Tuesday, June 10, 2008

Designing a garment by draping

Draping is a method of garment design by where you drape fabric, either a muslin-type or the actual fashion fabric, over a dress form to create the design. Once it is complete on the dress form, the fabric is removed, a paper pattern is created, the paper pattern is trued, and then the final cut of the fabric is made.

I've been sewing all my life. I was lucky enough to have a mom who sewed and taught me at an early age. I've come to understand now that not everyone was so lucky (Thanks mom!). She taught me how to use commercial patterns and over the years I figured out how to mix and match pattern pieces. But designing a garment from scratch was out of my realm.

So in January when I found out the boss I worked for part-time was moving away and I would have some free time, I decided to take a class in the most-excellent fashion design program at West Valley Community College. I had taken classes from the other nearby community college with a fashion design program, Canada College but WVC is muuuuuuch closer. As I'm really a "hands-on" person when it comes to design of any type, FD-060 Professional Draping, really sounded like something up my alley.

In case anyone out there is thinking of taking this class, I won't sugar coat the experience. It was brutal. I expect it would have been less rigorous had I not had prior obligations of chauffeur and chess club coordinator so that I could have gone to lab during the limited hours (that darn Law of Physics - why can't you be in two places at once?). As it was, I could only go on Tuesday and Thursday after class and occasionally on Thursday evenings. Because this class required the use of a dress form, and it couldn't be any ole dress form - it had to be one in the lab, you must get the work done during class or lab. Sewing could be done at home however it consisted of a small portion of the overall work.

At any rate, I can expand on the class's requirements in another post. In this one, I want to skip to the end and show off my final project! But first, let me walk you through the design process.

I wanted to do a jacket. Searching fashion websites turned up these:
The one on the left is nice but not really "me". IOW, it wasn't something I'd normally design. The middle one appeals to my engineering side. I suspect it would take updating all of those skills just to figure it out and frankly, I didn't have that kind of time. The one on the right would look absolutely lovely in a gradient color scheme moving from light to dark top to bottom. But that meant hand-dyeing fabric, and again, not enough time. Then I saw these:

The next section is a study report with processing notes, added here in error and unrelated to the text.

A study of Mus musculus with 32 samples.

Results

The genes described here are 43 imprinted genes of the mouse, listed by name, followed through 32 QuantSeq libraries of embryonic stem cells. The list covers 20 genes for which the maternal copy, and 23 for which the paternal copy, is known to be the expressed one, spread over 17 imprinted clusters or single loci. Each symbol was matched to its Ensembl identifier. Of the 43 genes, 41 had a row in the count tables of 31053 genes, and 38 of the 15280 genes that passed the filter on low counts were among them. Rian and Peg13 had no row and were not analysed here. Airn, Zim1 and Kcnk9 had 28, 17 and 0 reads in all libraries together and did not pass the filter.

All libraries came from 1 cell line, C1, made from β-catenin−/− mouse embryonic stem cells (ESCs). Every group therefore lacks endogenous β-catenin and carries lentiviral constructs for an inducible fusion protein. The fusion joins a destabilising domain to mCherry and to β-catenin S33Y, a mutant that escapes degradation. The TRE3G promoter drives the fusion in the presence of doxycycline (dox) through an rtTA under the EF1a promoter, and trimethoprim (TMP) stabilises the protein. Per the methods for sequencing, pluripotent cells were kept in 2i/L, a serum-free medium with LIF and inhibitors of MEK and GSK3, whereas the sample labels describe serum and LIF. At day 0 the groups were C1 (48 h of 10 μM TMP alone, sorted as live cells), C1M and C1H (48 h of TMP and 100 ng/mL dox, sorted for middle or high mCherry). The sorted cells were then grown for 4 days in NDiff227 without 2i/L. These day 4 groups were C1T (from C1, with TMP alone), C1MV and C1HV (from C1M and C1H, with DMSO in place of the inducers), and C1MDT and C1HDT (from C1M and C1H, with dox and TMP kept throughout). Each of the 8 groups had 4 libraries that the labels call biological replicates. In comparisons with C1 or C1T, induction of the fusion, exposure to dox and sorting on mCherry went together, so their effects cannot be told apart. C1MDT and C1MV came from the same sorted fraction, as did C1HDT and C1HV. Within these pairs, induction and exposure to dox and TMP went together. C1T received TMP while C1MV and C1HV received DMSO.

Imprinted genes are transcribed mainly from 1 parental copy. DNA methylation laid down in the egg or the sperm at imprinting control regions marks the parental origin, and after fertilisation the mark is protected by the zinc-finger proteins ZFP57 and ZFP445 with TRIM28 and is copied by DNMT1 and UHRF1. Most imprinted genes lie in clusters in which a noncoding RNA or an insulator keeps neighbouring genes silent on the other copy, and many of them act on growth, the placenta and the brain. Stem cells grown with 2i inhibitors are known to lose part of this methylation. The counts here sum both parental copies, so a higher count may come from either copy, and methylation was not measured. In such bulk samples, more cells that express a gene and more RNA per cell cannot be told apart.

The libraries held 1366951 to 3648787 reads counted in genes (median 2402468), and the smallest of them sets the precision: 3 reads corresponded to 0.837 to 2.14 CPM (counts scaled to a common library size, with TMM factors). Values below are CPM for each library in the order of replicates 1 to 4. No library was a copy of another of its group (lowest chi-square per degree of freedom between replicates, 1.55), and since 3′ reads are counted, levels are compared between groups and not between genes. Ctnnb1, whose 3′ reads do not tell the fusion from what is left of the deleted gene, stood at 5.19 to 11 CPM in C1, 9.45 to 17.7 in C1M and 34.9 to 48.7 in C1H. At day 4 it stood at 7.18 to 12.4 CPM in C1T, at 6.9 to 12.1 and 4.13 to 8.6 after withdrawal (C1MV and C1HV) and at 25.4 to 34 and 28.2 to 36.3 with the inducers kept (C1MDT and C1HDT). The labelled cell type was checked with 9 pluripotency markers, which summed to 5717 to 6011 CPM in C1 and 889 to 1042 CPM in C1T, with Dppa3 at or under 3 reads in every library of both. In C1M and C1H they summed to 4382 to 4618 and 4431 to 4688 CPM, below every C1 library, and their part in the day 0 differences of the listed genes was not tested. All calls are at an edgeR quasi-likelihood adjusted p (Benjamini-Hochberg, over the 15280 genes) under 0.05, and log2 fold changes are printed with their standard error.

I really liked the shorter sleeves in the one on the left and I loved the collar on the right. The gathered waistline in the left one was going to be a problem though - my dress form was not the skinny-minnie size 6 (which translates to RTW size 0 or 2). I had a size 12 (RTW 6 or 8). All that fabric at the waist would not look flattering. But I could manipulate the fabric into darts (the basic principle of draping). OR..... I could manipulate it into pintucks. Now there's an idea!

The final project required designing a complete outfit: a dress, a shirt and skirt, a jacket and skirt, etc. Since I chose a jacket, it meant I had to figure out a "bottom". Pants weren't covered in this class so I had a choice of a dress (no thank you) or a skirt. I went with a 6-gore skirt as it was something I hadn't worked on in class. It was taught but I ran out of time and never got to that drape. So without further adieu....

The skirt has a flare overlay lined in the same fabric as the collar. That side seam also has piping covered with the collar fabric. I originally put piping in all of the seams but took out all but one because they didn't fit with the overall design. On the other hand, leaving that one seam with piping drew attention to the flare nicely. In the jacket, the sleeves have a "cuff" that has pintucks at the top. If I did this jacket again, I'd leave those off. The collar is folded 3 times on itself - similar to the inspirational design.

Click on the photos to get a closer look!

1 comment:

Katherine Regier said...

Nice work! I love the lining fabric and it looks great with the lavendar. I wouldn't have thought to put such a bright color with a pastel lavendar, it's wonderful!